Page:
A crazed software engineer creates the final killer app

By Annalee Newitz

I KNEW COVERAGE of the so-called "Internet killer" Michael McDermott had reached an unbelievably bizarre peak when I discovered an online sex story in which McDermott's mass murder at Edgewater Technology in Massachusetts had been converted into an erotic scenario. Not only does the web provide us with instant news, it would seem, but also helpful bits of just-in-time fantasy.

The story, which appeared on the generally superlative Mind Control Story Archive, was helpfully titled "Breaking News" and concerned a disgruntled employee who "took control of five female secretaries" with a mind-control device and made them have sex.

At the end of a rather uninspiring tale, the author comments, "This piece obviously takes inspiration from certain recent tragic events ... If only such things could be as nonviolent and reversible as they are in this story." A nice little bit of wish fulfillment.

Other online reactions to the first mass murder to take place at an Internet company have been equally weird. A prominent link on fuckedcompany.com led readers to a page where they could use PayPal to donate money to the surviving families of the seven employees who were shot by McDermott. Philip Kaplan, the bad boy webmaster of fuckedcompany.com, pleaded for sympathy and donations with the words: "On December 7, 2000, 7 of our fellow Internet workers went to work and were murdered."

Certainly the $16,000 Kaplan has raised is admirable, but connecting this page with his infamous website can only mean one thing: Edgewater Technology is the ultimate fucked company, where employees aren't simply doomed to work long hours for dud stock options, but are just plain doomed.

The fuckedcompany.com tie-in makes clear the latent convictions in several articles and sensationalistic headlines that the murders spawned. Although it would seem that McDermott was driven over the brink by personal problems first and IRS problems second, the media called him the "Internet killer," making much of the idea that his software engineering work was connected to his violent behavior. And the usually incisive Industry Standard even published an article on its website the day of the slayings that gave as much coverage to the rocky market performance of Edgewater Technology as it did to McDermott's killing spree. Was McDermott an allegorical figure in Edgewater's morality play?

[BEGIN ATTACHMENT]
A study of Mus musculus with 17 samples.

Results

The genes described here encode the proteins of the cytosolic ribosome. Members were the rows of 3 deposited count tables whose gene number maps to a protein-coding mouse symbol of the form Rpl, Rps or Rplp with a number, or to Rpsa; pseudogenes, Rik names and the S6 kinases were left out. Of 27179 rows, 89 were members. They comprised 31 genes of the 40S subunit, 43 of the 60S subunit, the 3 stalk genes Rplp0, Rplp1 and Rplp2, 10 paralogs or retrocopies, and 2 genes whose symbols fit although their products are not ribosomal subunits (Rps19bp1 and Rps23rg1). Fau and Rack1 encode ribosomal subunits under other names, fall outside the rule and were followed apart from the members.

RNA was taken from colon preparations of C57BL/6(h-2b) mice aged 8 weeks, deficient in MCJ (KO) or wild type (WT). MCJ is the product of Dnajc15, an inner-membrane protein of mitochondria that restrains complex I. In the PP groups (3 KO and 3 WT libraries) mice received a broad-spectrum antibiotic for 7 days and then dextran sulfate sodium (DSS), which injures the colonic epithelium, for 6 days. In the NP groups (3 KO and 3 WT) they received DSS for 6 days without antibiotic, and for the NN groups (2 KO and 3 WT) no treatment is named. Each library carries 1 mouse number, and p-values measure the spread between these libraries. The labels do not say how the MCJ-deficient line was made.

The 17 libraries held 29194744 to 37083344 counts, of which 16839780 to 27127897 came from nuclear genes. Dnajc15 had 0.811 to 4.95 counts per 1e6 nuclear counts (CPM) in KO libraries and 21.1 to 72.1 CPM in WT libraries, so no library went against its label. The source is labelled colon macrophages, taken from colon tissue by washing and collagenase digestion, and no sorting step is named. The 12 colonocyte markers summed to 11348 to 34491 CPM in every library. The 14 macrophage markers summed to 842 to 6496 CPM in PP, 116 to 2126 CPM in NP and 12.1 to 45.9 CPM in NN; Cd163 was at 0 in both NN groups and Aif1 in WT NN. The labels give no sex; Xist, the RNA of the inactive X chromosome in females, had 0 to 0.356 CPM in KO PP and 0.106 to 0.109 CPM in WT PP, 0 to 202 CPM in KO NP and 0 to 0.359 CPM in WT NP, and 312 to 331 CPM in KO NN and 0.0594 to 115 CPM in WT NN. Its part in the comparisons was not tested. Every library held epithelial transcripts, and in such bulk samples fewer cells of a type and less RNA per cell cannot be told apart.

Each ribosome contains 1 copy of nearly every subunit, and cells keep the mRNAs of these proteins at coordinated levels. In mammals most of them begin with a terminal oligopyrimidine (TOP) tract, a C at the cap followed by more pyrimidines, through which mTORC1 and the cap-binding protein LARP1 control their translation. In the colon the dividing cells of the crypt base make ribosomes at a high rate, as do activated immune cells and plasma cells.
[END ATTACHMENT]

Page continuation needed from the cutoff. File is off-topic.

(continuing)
The rise and fall of the violently insane worker is, in fact, a very popular allegory. When day trader Mark Barton shot up his family and workplace last year, there were dozens of articles about the horrific experiences of day trading: the pressure, the long hours, the intense mood swings of the market. The Wall Street Journal even took apart Barton's final months stock by stock, suggesting implicitly that his poor investments were connected to his final death spiral.

Now McDermott may become the poster killer of mad software engineers. Crazed with coding, he finally did something hideous and criminal--the kind of thing most people think software engineers are capable of anyway. It's those long hours in front of the screen, huddled in rooms full of servers, drinking caffeinated drinks and eating Fritos. Surely such behavior is bound to lead to catastrophe, especially since it's all in the pursuit of the next killer app. Perhaps building killer apps is like a gateway drug. Once you start churning out killer apps, then it's on to killer websites and killer chips, and then a mere hop, skip and a jump to becoming a genuine killer.

As ridiculous as they sound, these are the sorts of fantasies that give rise to the idea of an Internet killer, as opposed to someone who just happened to focus his overwhelming rage on the people around him at work. In the absence of rational explanations, imaginary ones are as good as any, I suppose. Who, after all, can truly understand murder? Even murderers themselves offer poor descriptions of their motivations.

Did Internet work cause McDermott's violence? Probably not. The Internet brought us news and fantasies about his violence, which tells us more about our cultural fixations than it does about what happened last month at Edgewater Technology.

Annalee Newitz is a surly media nerd who has read way too much John Marr. Her column also appears in Metro, Silicon Valley's weekly newspaper. She's at [email protected].


Copyright © 2001 Metro Publishing Inc. Metroactive is affiliated with the Boulevards Network.